Community Forest Management in the State of Durango

January 17, 2018
Community Forest Management in the State of Durango

The Mexican Conservation Parliamentary Group (GPCM, the Caucus), ICCF Mexico and POLEA carried out a field mission from January 17th to 19th to enable legislators to learn first-hand the importance for biodiversity and for sustainable development of community-owned and managed forestry companies.


Senator Ismael Hernández participated in this mission, as did Deputies Teresa Lizárraga, Edna González, Juan Fernando Rubio, José Lorenzo Rivera, Gabriela Hernández and Ricardo del Rivero. Also participating were personnel from the National Forestry Commission (CONAFOR) and from different forest communities of the state of Durango. William Millan, Global Policy Director, attended on behalf of ICCF and Andrés Ávila, Executive Director, attended on behalf of POLEA.

In a busy three-day agenda, the members of the Caucus had the opportunity to see how Durango local land-owning communities (ejidos) have built biodiversity and sustainability into the management of their forest resources. The delegation, accompanied by CONAFOR, drove far into the Durango mountains to visit the Forest Supply Basin "Santiago Papasquiaro" and see successes of the Ejido San Diego de Tezains, which has achieved international Forest Stewardship Council (FSC) certification while actually increasing its harvest of fine quality lumber on a 15-year cutting cycle. Professional foresters individually mark each tree for harvest, and the ejido sawmill raises the value-added of the wood. The delegation next visited the Sezaric Group, which is a major forest products company owned by 40 ejidos (Tezains among them). Both the ejido and the forest company are profitable and expanding, generating 150 and 200 direct jobs respectively. All the heavy equipment used at the ejido and the company, from power saws to trucks to front loaders to giant wood drying ovens, is imported from the United States. They are also pioneering use of waste lumber biomass for energy production.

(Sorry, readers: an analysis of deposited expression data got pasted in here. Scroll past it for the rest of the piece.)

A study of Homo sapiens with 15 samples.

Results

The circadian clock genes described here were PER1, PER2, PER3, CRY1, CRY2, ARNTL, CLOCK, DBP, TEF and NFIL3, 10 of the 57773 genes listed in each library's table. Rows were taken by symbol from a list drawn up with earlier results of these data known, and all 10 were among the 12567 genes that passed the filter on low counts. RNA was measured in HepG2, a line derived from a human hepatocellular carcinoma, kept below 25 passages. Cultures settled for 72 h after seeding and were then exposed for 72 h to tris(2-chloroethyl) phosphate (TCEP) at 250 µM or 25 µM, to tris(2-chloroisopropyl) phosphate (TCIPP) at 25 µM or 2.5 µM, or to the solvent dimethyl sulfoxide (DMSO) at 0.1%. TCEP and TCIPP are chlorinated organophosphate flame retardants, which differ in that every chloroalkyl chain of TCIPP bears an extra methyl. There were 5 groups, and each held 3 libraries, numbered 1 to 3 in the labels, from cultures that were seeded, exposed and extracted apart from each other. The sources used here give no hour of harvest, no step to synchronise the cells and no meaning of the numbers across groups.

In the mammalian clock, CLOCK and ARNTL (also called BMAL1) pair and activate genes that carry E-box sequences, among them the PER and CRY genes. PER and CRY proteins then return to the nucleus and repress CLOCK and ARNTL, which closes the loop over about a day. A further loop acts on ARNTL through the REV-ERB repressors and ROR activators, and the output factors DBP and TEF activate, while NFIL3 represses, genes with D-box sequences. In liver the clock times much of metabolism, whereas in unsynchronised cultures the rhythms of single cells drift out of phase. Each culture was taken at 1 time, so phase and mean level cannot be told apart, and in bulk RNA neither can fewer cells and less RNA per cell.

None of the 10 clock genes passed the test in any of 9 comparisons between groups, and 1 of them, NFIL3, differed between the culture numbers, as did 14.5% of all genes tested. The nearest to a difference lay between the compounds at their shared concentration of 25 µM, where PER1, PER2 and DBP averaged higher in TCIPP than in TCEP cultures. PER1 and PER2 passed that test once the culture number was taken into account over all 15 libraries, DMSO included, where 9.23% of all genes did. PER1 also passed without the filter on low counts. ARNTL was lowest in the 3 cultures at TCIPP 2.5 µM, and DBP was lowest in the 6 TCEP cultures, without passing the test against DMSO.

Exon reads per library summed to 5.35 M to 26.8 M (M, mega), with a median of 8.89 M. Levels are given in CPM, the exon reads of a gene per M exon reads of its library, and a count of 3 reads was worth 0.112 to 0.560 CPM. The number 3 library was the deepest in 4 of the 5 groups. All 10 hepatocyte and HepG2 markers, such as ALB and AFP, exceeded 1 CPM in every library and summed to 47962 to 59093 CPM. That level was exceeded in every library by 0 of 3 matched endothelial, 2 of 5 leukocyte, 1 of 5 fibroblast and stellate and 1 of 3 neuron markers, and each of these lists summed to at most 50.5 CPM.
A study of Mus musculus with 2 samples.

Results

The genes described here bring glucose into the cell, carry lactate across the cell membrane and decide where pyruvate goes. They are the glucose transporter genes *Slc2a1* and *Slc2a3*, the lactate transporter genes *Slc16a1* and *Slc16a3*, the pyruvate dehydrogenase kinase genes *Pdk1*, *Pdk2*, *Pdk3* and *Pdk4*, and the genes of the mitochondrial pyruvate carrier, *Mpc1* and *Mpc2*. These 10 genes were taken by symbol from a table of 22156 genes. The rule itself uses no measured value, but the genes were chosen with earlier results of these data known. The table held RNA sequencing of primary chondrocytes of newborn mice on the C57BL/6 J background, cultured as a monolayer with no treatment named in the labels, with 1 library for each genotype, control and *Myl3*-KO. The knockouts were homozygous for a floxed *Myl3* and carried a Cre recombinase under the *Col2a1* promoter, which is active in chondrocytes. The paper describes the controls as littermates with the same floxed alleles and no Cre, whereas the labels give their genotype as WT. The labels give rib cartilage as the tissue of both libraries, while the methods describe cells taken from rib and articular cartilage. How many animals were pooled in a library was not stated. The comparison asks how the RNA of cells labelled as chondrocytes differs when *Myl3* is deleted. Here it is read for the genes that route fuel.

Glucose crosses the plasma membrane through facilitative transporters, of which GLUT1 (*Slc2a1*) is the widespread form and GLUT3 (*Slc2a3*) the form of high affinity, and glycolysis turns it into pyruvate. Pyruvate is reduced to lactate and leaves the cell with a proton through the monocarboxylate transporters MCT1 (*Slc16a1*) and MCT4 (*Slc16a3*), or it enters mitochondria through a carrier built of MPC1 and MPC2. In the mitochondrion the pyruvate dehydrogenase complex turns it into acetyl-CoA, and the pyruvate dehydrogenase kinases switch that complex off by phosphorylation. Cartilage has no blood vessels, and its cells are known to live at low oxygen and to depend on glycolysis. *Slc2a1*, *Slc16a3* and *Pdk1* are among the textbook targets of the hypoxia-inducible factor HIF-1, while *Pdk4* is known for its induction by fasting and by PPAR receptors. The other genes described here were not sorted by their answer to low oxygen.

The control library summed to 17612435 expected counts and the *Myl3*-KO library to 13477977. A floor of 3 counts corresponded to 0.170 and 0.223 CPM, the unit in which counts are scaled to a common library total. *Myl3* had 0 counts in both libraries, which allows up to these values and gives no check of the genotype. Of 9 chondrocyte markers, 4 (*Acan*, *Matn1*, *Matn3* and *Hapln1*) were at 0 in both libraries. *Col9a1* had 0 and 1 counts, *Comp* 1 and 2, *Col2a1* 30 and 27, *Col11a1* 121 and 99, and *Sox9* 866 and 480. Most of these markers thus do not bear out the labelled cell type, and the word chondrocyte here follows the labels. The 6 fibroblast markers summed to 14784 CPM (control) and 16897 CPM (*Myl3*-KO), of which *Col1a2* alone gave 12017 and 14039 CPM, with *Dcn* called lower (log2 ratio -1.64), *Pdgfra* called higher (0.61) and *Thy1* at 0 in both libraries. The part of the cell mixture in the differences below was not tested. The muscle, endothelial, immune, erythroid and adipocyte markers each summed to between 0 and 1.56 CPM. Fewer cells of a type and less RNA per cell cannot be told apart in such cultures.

As a result of the mission, legislators have expressed a heightened appreciation for the importance of strengthening the legal framework to promote sustainable forest management by local communities – communities that in Mexico own 60% of the forest territories. To facilitate this type of legislative engagement with key conservation issues is the prime goal of ICCF Mexico, supported by a grant from the Global Environment Facility (GEF) via the United Nationals Environmental Program (UNEP).